Thursday, June 25, 2015

Climate: What Would Reagan Do?

George P. Shultz held positions in the administrations of Richard Nixon and Ronald Reagan, including Secretary of State for seven years during a key period of U.S. and Russia relations.  One of his positions outside of government was President of Bechtel, the largest construction firm in the U.S.  He is currently affiliated with the conservative Hoover Institution at Stanford.  His background is hardly one of an environmental advocate, but he has become a leading voice on the need to address the climate change threat.

Shultz with Ronald Reagan

Sacramento Bee Editorial Page Editor Dan Morain caught up with Shultz during the dedication of a Reagan statue at the California Capitol this week and wrote about his conversation in a column today.  He asked the simple question, "What would President Reagan have done about climate change?"

Shultz told Morain the story of the Montreal Protocol and the ozone hole.  There were doubters at that time, but Reagan "became convinced that the scientists who were worried were probably right."  He framed the action on the ozone hole as an  insurance policy and the U.S. became a leader in pushing for the steps necessary to address the issue.  Schultz described this "insurance policy" as "a gifted approach" and the resulting agreement as "the only environmental treaty that has ever worked."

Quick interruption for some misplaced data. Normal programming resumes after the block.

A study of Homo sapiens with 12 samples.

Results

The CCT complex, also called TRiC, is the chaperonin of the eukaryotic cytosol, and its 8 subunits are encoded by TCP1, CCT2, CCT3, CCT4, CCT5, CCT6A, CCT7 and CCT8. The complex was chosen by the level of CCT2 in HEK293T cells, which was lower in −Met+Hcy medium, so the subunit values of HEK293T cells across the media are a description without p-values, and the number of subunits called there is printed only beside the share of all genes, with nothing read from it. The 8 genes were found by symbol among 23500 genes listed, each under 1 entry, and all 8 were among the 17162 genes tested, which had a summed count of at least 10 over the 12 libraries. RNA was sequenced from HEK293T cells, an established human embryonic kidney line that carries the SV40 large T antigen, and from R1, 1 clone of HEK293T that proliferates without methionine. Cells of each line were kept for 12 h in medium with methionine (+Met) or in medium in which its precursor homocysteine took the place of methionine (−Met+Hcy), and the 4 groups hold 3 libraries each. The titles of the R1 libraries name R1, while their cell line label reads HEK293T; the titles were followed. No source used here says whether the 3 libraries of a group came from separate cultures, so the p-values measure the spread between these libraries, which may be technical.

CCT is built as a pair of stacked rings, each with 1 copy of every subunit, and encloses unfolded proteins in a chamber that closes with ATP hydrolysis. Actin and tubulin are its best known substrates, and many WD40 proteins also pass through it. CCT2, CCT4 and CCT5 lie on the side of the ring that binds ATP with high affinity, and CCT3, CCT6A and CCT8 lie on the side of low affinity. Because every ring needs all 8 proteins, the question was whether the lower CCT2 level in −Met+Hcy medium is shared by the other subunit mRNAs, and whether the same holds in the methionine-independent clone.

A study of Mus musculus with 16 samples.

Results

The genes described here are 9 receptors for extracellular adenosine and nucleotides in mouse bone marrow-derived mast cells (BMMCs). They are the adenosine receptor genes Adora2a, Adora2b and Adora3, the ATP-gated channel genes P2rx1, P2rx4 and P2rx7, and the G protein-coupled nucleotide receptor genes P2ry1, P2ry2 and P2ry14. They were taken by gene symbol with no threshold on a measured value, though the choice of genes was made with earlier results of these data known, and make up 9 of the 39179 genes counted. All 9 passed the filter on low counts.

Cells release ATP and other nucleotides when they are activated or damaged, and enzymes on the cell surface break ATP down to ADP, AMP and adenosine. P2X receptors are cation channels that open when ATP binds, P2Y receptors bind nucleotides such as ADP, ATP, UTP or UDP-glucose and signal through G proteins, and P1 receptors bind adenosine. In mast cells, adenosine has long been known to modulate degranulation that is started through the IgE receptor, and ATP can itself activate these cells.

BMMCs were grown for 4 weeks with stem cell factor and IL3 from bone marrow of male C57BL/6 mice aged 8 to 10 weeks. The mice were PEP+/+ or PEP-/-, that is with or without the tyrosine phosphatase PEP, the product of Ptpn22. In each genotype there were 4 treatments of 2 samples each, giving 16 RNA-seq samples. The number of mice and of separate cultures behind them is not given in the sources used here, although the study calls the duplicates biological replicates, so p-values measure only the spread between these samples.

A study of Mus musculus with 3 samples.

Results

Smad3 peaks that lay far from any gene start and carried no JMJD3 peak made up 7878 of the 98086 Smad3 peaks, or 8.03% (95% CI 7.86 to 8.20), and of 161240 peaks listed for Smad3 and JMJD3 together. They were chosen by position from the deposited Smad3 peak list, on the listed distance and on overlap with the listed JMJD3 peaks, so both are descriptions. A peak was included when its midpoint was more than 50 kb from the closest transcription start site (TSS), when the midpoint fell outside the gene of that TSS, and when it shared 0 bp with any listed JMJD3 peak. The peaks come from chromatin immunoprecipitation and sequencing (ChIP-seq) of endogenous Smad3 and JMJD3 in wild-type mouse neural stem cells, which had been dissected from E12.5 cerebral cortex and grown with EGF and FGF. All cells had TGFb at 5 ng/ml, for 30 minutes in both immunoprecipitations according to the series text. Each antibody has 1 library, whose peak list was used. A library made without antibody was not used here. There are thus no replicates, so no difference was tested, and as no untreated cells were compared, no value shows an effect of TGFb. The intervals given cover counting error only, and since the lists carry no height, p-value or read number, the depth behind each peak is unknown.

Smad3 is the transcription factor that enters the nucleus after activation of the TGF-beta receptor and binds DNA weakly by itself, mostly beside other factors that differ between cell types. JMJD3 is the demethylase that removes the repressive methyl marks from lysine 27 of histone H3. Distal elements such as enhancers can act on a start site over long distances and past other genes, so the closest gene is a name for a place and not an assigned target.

What would the "insurance policy" on climate change look like?  First, there would be significant federal funding for energy and carbon alternatives.  Second, there would be a carbon tax at the source (e.g. at oil wells) with the money returned to citizens as a "carbon dividend."  On the insurance policy approach:  "That'd be the Ronald Reagan way."

Morain's column can be found here:   Shultz's View of Climate Change

This isn't the first time Shultz has discussed what Reagan would do on climate change.  Earlier this year, he wrote a column in the Washington Post:  A Reagan Approach to Climate Change  He provides a little more detail of his experience with the Montreal Protocol on ozone and the two-pronged insurance policy strategy, concluding "Before you get mugged by reality, take out an insurance policy.  It's the Reagan way."